By relying on lone wolf attacks, the terror group can project a greater reach

On Tuesday, a driver rammed a pickup truck through a crowded bike path in New York City, killing eight people and injuring 12 before he was shot by police.

New York police identified the assailant as Sayfullo Saipov, a 29-year-old Uzbek immigrant, who left a handwritten note in the truck that pledged his allegiance to Islamic State in Iraq and Syria (ISIS).

American security officials did not immediately find evidence that directly tied Saipov to ISIS. So far, US officials consider him a lone wolf attacker who was inspired by the militant group but not directed by its leaders or operatives.

US officials say Saipov appears to have followed instructions distributed by ISIS in one of its magazines, Rumiyah, which in November last year called on sympathisers to carry out truck attacks against Western targets. It also urged followers to leave behind notes declaring support for the group.

With the fall of Mosul and Raqqa, the last urban centres under ISIS' control in Iraq and Syria, the group has now lost most of the territory it once dominated.

But it poses a new threat: as a militant organisation that can still exploit social media and recruit sympathisers around the world to kill in its name. ISIS will now invest more of its resources in a "leaderless jihad" that does not need a physical state.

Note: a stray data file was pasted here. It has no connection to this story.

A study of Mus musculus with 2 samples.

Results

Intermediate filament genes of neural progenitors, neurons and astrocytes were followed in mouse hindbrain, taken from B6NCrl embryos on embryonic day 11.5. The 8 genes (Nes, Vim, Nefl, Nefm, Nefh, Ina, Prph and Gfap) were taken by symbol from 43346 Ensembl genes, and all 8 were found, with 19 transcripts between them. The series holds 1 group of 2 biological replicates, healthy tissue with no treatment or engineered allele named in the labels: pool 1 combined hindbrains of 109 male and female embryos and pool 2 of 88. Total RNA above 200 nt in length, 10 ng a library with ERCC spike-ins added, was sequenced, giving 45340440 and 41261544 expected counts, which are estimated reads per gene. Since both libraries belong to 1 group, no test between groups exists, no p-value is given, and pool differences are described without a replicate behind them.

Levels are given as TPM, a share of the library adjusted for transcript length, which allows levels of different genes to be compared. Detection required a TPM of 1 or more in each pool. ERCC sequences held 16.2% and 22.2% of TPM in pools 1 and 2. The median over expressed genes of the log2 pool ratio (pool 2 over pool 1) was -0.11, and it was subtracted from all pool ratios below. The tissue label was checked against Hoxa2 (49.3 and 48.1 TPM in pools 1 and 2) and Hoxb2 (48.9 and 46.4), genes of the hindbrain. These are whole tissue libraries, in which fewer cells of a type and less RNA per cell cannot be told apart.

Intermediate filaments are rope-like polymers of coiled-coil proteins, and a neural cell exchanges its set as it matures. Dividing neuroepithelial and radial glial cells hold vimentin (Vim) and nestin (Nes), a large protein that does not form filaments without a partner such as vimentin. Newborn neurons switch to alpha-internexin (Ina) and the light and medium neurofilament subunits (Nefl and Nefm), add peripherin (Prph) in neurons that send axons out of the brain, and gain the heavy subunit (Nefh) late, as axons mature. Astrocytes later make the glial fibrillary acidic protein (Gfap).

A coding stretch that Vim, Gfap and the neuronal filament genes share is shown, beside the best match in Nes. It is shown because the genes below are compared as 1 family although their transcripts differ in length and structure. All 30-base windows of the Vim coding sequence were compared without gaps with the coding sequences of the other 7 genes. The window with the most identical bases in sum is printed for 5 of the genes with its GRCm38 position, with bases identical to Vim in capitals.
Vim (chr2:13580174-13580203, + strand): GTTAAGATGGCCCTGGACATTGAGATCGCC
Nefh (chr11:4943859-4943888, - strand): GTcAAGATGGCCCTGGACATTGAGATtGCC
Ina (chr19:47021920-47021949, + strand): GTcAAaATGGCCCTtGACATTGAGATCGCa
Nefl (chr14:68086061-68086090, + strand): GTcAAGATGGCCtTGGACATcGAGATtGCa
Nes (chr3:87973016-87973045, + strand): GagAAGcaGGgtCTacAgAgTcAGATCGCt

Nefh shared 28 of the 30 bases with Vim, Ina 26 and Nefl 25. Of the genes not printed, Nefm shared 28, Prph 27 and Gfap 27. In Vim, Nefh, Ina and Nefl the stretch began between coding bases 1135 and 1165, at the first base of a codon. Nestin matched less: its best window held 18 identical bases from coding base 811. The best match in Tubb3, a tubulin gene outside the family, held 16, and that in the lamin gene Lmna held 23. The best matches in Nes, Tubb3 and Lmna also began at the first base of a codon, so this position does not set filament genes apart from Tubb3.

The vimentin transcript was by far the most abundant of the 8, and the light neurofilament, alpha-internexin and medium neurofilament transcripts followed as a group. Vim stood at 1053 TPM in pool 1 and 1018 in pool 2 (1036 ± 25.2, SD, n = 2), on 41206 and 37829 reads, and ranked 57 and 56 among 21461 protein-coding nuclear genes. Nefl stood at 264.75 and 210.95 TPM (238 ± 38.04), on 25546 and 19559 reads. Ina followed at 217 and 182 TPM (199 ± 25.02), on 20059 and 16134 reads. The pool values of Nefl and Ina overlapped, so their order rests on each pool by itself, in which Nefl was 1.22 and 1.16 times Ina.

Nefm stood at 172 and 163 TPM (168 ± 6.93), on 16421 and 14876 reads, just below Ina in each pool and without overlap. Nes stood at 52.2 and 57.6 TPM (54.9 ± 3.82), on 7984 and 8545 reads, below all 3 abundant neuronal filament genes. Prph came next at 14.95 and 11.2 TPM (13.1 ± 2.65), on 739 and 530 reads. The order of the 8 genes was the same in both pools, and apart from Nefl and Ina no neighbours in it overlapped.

The latest wave of attacks fits into appeals by ISIS' leaders for supporters to carry out self-directed assaults that use any means necessary - including trucks, cars, knives and axes - to kill civilians.

These lone wolf attacks are the result of an organised, decade-old movement within Islamist jihadism to decentralise attacks. This trend predated the emergence of ISIS and it can be traced back to Al-Qaeda after the Sept 11 attacks in the US.

Some of Al-Qaeda's leaders were worried that the US-led war after Sept 11 would hamper their ability to carry out centrally planned attacks, so they sought ways for sympathisers to act on their own.

ISIS expanded that strategy far beyond Al-Qaeda's original conception. In relying on lone wolf attacks by individuals who are self-radicalised and have only a tangential understanding of jihadist ideology, ISIS is able to project a greater reach than it actually has.

In March, a driver mowed down pedestrians on Westminster Bridge in London, killing five people before being shot by security forces as he tried to break into Parliament.

In May, a suicide bomber killed 22 in an attack on a concert arena in Manchester.

The threat extends beyond the West and the Middle East. ISIS fighters from South-east Asia - including some who recently battled Philippine security forces in Marawi - are returning home, especially to Malaysia and Indonesia.

These militants would pose a threat because of their battlefield experience, guerilla warfare training and networks they established while fighting in Iraq and Syria.

To combat this more complex range of threats posed by ISIS and its sympathisers, governments throughout the world will need to do more than simply continue military strikes against targets in Iraq and Syria.

It will also mean greater vigilance in monitoring clandestine networks set up by ISIS operatives and adjusting to a new enemy who is constantly adapting its methods. - REUTERS

Mohamad Bazzi is a journalism professor at New York University and former Middle East bureau chief at Newsday.